Background: Localized delivery of immunosuppressive molecules, limited to the graft site, may allow transplantation of tissue in the absence of systemic immunosuppressive agents. We tested whether purified mouse islets that had been engineered to produce human CTLA4-Ig locally at the graft site could survive in allogeneic recipients receiving no systemic immunosuppression.
Methods: CBA (H2(k)) islets were subjected to biolistic (gene gun) transfection with a cDNA encoding human CTLA4-Ig under control of the human cytomegalovirus immediate early promoter. After 40-48 hr of culture, the transfected islets (500 per recipient) were transplanted beneath the renal capsule of alloxan-induced diabetic BALB/c (H2(d)) recipients.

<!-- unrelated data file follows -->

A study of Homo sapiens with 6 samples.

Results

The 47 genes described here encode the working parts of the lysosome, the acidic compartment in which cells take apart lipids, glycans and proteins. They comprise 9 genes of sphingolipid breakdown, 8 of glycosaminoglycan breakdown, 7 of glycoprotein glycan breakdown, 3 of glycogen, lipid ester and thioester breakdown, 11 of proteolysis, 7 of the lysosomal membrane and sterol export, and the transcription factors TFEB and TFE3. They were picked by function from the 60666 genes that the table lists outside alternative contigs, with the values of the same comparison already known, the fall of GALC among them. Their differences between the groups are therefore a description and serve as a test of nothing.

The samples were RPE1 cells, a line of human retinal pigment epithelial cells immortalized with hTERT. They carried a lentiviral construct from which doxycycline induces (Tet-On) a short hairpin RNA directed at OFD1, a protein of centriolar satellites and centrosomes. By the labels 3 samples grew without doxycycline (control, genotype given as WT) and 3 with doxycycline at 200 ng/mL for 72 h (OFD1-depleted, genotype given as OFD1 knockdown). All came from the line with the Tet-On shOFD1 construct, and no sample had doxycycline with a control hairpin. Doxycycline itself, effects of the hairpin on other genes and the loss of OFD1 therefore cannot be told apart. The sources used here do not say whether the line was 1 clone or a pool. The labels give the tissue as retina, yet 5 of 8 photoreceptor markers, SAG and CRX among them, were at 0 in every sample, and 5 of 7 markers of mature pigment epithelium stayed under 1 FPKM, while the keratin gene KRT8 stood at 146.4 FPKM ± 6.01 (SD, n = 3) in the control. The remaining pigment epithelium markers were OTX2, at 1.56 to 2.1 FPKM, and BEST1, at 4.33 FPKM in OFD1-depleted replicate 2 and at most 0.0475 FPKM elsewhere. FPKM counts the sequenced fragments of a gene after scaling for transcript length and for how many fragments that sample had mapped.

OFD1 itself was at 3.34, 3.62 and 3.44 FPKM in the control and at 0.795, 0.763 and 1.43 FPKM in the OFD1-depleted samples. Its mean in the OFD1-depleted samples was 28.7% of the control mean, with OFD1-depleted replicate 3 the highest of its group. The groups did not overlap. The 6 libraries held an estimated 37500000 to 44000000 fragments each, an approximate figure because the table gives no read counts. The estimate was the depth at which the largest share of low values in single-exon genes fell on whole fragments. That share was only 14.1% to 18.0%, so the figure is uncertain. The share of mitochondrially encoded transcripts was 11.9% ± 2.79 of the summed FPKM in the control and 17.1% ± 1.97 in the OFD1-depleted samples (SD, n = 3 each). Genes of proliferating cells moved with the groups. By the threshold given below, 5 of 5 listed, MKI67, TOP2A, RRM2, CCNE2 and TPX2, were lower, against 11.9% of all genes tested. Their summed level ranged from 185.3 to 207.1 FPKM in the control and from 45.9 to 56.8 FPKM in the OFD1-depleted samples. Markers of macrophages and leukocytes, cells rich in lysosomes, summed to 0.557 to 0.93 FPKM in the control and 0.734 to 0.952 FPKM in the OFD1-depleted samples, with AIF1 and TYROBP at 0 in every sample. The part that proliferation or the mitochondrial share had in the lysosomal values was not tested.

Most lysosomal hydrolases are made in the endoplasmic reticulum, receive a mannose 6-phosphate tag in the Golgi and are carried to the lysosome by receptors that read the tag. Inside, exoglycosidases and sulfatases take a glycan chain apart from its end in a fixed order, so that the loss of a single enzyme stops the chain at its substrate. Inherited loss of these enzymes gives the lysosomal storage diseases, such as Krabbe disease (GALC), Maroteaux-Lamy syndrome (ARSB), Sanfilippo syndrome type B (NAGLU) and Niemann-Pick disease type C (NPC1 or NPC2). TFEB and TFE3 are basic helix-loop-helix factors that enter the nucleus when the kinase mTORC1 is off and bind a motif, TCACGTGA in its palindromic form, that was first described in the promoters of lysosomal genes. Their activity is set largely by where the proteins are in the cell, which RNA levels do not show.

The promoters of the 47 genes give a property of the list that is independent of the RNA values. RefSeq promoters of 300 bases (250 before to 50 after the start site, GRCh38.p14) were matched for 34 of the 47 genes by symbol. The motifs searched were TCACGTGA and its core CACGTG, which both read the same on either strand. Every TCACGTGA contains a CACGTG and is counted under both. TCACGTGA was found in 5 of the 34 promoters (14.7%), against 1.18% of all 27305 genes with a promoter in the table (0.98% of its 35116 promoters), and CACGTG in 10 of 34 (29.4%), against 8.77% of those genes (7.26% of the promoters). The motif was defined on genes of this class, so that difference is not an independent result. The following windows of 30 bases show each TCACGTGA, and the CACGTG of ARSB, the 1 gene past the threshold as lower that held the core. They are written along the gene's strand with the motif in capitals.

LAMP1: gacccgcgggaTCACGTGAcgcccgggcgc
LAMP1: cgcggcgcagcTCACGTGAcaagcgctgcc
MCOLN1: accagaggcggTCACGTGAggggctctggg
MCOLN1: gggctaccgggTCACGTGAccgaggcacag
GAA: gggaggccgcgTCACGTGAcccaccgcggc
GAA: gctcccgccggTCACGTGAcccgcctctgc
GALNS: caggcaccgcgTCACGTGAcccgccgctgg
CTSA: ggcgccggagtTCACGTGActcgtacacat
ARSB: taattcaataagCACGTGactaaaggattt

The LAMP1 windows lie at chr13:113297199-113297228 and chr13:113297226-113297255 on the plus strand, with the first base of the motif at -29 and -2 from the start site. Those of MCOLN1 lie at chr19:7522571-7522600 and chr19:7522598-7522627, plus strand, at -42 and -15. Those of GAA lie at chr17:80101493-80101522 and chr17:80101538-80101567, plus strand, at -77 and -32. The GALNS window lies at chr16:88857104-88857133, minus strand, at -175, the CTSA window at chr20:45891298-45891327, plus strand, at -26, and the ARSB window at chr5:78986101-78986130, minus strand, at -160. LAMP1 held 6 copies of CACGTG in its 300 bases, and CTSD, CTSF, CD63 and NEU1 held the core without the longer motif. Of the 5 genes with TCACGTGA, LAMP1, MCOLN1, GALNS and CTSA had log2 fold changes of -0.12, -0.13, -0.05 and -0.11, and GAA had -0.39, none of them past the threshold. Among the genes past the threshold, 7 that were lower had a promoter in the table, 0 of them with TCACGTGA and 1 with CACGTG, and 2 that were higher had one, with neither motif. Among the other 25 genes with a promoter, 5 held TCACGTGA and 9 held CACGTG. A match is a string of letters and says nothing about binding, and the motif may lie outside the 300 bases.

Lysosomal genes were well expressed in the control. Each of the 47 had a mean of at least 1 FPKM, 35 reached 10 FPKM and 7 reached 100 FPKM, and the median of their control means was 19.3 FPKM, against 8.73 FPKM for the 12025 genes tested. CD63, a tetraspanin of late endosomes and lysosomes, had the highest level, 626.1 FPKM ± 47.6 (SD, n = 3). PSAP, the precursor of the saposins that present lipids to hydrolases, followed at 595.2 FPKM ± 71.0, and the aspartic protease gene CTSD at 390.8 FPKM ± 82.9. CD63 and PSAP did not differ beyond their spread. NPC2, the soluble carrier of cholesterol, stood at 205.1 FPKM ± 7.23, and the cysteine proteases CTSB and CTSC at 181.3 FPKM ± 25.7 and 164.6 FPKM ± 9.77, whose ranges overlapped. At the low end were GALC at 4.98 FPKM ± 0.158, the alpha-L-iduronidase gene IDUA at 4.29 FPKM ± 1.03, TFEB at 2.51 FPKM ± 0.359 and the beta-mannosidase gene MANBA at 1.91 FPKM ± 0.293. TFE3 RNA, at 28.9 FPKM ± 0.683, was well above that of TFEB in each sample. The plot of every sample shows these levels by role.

Results: Control grafts (n=10) consisting of islets biolistically transfected with the expression plasmid alone (i.e., no gene inserted) survived for 12.8+/-3.6 (mean +/- SD) days. In contrast, islets transfected with CTLA4-Ig (n=12) survived 66.8+/-61.5 days (P=0.01), with 50% demonstrating functional survival until follow-up was concluded at 50 (n=2), 130 (n=2), or 165 (n=2) days. Immunohistochemistry on grafts that survived long term showed well-granulated, insulin-positive islets lying adjacent to, but not infiltrated by, dense aggregates of mononuclear cells.
Conclusions: Transfection of allogeneic mouse islets with human CTLA4-Ig results in prolonged allograft survival. Although on histology mononuclear cells are present in the area of the transfected graft, they do not appear to infiltrate or destroy the islet graft.